SOUTH BEND, Ind. — DeShone Kizer traveled with Notre Dame to Tallahassee last October, and while he didn’t play he got a taste of the kind of hostile atmosphere he’ll go up against Saturday night against Clemson.
“It was a very, very loud environment,” Kizer said. “I’ve never heard anything so loud in my life, something where, you know, it feels like your insides are shaking on third down.”
As Everett Golson nearly pushed Notre Dame to a win over the team for which he currently plays, Kizer observed from the sidelines and took away some positive lessons from an otherwise gut-wrenching night.
“The best way of coping with it is doing the extra small things, making sure you're being quick in getting up there and relaying the play a couple times down and getting back into your stance so you can be able to make a check,” Kizer said. “And also with that being said, the best way of quieting a crowd down is making big plays, and I got to experience that last year against Florida State where every time we got some momentum going, it wasn't as hard to communicate. So we gotta make sure that we get things rolling as soon as possible and hopefully at least take it down a couple of notches on the loudness scale.”
Back in 2012, Golson — then a redshirt freshman, like Kizer — went into raucous road environments at Michigan State and Oklahoma and beat two teams ranked in the AP top 10 at the time. The Oklahoma game was Notre Dame’s biggest win of the Brian Kelly era, with the crowd being almost immediately taken out of the game when Cierre Wood scythed 62 yards for a first-quarter score.
That play didn’t win Notre Dame the game, of course, but it did set the tone that heavy favorites Oklahoma were in for a difficult evening (the line for Saturday's Notre Dame-Clemson game, it's worth noting, is even as of Wednesday afternoon).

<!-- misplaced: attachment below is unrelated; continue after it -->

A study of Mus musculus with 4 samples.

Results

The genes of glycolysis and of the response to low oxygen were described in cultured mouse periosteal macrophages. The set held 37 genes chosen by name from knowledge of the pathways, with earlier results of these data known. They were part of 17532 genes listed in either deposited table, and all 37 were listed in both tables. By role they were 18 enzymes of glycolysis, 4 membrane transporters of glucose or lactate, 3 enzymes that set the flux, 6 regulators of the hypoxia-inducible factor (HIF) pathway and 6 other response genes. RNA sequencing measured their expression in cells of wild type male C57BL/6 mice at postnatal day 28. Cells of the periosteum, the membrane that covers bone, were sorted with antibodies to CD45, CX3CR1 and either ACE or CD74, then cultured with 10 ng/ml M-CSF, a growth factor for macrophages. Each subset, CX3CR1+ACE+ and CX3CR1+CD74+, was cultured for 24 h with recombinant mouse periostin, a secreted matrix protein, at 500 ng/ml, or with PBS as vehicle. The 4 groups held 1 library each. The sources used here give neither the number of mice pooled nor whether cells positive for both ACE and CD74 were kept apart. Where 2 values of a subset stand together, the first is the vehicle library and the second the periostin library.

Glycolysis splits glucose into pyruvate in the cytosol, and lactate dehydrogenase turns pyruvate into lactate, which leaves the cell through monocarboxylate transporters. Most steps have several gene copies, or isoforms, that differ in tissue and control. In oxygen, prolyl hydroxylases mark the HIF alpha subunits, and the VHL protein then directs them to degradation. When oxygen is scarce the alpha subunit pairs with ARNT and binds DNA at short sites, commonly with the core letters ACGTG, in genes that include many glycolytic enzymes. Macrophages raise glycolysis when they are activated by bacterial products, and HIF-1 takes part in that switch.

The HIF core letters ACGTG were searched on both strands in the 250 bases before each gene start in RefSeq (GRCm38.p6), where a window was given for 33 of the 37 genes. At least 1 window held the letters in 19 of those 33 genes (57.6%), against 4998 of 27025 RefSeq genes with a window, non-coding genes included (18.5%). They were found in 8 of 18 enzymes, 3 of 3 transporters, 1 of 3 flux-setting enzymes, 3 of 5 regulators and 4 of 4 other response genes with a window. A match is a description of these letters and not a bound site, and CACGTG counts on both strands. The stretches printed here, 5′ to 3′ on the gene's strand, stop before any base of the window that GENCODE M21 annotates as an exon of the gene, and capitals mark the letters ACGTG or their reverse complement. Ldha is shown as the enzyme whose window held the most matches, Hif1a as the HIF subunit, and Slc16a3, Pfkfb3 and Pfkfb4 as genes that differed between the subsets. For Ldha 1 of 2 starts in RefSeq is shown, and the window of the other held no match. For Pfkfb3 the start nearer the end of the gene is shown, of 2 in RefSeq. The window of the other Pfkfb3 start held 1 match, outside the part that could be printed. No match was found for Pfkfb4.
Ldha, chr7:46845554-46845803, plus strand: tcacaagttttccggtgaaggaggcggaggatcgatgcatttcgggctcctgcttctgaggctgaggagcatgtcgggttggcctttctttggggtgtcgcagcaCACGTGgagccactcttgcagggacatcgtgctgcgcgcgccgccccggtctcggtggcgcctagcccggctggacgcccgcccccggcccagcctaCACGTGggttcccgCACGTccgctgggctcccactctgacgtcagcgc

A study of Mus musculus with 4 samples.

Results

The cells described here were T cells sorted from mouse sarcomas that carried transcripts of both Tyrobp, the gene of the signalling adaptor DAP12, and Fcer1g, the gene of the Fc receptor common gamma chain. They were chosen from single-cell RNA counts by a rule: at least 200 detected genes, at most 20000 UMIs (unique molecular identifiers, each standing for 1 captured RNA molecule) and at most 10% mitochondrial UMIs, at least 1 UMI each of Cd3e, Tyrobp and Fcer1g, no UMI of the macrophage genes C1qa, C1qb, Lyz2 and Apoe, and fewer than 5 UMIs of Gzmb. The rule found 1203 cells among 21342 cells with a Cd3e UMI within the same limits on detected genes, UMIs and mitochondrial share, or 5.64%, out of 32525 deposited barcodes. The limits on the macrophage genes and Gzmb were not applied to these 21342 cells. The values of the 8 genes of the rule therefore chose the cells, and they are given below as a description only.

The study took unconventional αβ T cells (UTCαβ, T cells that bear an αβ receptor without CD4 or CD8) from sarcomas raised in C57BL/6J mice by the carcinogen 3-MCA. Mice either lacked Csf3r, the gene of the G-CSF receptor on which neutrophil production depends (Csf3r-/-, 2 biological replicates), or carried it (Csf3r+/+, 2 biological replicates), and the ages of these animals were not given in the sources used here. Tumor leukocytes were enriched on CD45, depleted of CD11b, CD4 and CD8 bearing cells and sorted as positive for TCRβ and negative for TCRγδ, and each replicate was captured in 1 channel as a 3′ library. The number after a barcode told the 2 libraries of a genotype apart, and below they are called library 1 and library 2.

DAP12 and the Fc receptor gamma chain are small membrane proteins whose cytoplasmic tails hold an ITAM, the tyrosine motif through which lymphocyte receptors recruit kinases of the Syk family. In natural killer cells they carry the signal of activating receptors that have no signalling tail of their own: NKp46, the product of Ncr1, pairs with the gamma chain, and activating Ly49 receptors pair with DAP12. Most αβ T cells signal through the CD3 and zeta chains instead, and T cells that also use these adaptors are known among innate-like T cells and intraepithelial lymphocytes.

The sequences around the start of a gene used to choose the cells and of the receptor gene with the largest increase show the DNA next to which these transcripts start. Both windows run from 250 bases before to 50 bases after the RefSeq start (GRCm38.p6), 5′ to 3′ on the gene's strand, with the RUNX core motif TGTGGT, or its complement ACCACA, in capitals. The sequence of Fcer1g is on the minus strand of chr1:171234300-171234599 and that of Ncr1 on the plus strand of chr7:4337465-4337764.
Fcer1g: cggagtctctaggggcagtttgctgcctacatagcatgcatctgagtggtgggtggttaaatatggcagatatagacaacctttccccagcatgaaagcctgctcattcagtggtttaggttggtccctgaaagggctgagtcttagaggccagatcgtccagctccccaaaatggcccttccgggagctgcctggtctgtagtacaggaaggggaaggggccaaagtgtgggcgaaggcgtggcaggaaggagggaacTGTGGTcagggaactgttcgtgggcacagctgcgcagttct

“I remember running on the sideline and the whole place went quiet, which you know, is obviously big being in a hostile environment, kind of taking the momentum and taking the crowd out of it is huge,” graduate student safety and captain Matthias Farley recalled. “It definitely helps, but you know, I can't say it's the most important thing. You just have to play a very solid game in all three stages.”
Notre Dame executed its gameplan to perfection against Oklahoma and came close a year ago against Florida State. While it’s a pick’em line and Clemson, like Notre Dame, is missing a few key players, a strong gameplan and near-flawless execution of it will be necessary for Notre Dame to quiet the Memorial Stadium — more commonly known as Death Valley — crowd and beat a Clemson team that’s 41-6 at home under coach Dabo Swinney.
Notre Dame is blasting crowd noise during its practices this week with a focus on silent snap counts and non-verbal communication. Coach Brian Kelly talked about encouraging enthusiasm instead of emotion — “emotion drains you,” the sixth-year Irish coach said — while Farley said there’s no use getting intimidated by a rowdy crowd of opposing fans.
“You don't really have a choice, because you're there and you have to really focus because it is loud,” Farley said. “It is a hostile environment. The fans don't like you, as they shouldn't. So I think it's definitely an adjustment maybe going through warmups, maybe the first play for some guys who have never been in that situation.”
Farley, though, said the atmosphere at Death Valley — which seats 81,500, slightly more than Notre Dame Stadium — could also help he and his teammates play a clean, focused game.
“You feed off the energy,” Farley said. “A night game people usually get there early. The stadium is going to be full for warmups. You can find of feed off that energy in the stadium.”